My thirteen-year-old nephew is a mystery and action/adventure fanatic. He never passes up an opportunity to read an Arthur Conan Doyle story. (He says he likes Sherlock Holmes because the guy’s really smart.) My nephew devoured The Hunger Games Trilogy in a couple of weeks. (His only complaint is that the heroine, Katniss, thinks too much for someone about to be killed.) And he believes Neil Gaiman is the best author. Ever. (His stuff is really cool.)
At a recent family get-together, he pulled me aside. He was pissed because his mom and dad wouldn’t let him to read my first novel, Pursued. It wasn’t the book’s gay content that bothered his parents. They felt the adult themes weren’t appropriate for a boy his age. And I agree. Pursued is about an openly gay college junior who wants a boyfriend more than anything else in the world. But when he finds the man of his dreams, the guy turns into the man of his nightmares and tracks our hero through the Catskill Mountains and New York City. He has only one goal— to kill his young lover. When writing Pursued, I didn’t shy away from the story’s sex, nor gloss over its violence.
“Then is your book dirty?” my nephew asked.
Conscious of the fine line I was walking, I said, “No. But it does have mature themes.”
“You mean it has sex and violence.”
“Well, yes, but the book is about more than that.”
He nodded, but his next question threw me for a loop. “Then why couldn’t you write the book without the sex and violence?”
I didn’t know how to answer him. While developing Pursued, the main character’s need for love and the violence he encounters was always an intricate part of the story. It’s what made the story interesting. In fact, I believe sex and violence are two of the reasons we like most stories. Shakespeare probably thought that, and I’d wager that most of today’s best-selling authors believe that too. But sex and violence are just two aspects of a successful story.
In Europe, James Bond is known as “Mr. Kiss Kiss Bang Bang” because that phrase described every James Bond plot. Sex and Violence. The audience knows what to expect with Bond. In every story 007 gets involved with a lot of women and engages in a lot of fights where he gets to use a bunch of fancy weapons and gadgets. But at the heart of every story is a diabolical villain who is wrecking havoc with the world. Bond must apprehend the villain and save civilization.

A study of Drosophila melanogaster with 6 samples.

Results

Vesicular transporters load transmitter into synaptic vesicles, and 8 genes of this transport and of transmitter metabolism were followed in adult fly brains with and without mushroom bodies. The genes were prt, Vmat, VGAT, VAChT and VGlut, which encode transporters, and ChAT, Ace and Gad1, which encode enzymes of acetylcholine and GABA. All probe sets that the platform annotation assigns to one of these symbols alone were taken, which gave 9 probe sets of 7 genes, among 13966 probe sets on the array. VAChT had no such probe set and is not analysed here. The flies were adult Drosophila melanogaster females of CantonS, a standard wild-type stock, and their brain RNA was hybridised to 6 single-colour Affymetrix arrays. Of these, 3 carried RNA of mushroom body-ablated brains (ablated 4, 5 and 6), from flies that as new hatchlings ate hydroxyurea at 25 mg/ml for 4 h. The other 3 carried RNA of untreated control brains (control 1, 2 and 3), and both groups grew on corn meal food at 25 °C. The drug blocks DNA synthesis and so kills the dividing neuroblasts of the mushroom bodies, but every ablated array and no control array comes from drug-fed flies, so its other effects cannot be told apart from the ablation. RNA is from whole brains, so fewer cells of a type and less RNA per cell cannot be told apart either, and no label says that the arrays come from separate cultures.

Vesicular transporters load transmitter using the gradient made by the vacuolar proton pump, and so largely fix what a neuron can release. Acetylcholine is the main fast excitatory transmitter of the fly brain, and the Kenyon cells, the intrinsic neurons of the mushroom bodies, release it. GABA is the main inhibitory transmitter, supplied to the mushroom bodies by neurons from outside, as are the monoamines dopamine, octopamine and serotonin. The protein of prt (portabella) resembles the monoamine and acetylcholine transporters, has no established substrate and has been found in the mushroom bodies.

Pauline Keal, The New Yorker’s film critic during the 1970s and 80s, even titled one or her criticism books Kiss Kiss Bang Bang. She said those words were “perhaps the briefest statement imaginable of the basic appeal of movies. This appeal is what attracts us, and ultimately what makes us despair when we begin to understand how seldom movies are more than this.”
I believe that same sentiment holds true for our literature. Yes, we love to read about sex and violence. It entertains us. Satisfies our urges, excites our libido and lets us live vicariously through our heroes. Often, it’s the entire basis of how we judge a novel. But deep inside, we also want our stories to enlighten us and to broaden our outlook of the world. We want to believe in our hero’s admirable cause, and to cheer his successes, and mourn his losses.
When the conversation with my nephew ended, we decided one thing. I’d sign a copy of Pursued for him, wrap it up, and keep the book until he becomes old enough to read it. When he reads the novel, I hope he’ll say he has a new favorite author, his uncle Joel, because his books are really cool.
Joel Gomez-Dossi lives with his husband in upstate New York. At last count they have twenty-five nieces and nephews of varying ages, so this particular bookworm’s identity is safe. To know more about Joel, visit www.JoelGomez-Dossi.com. You can watch Pursued’s book trailer on Youtube, http://www.youtube.com/watch?v=dcb2-fixq6M.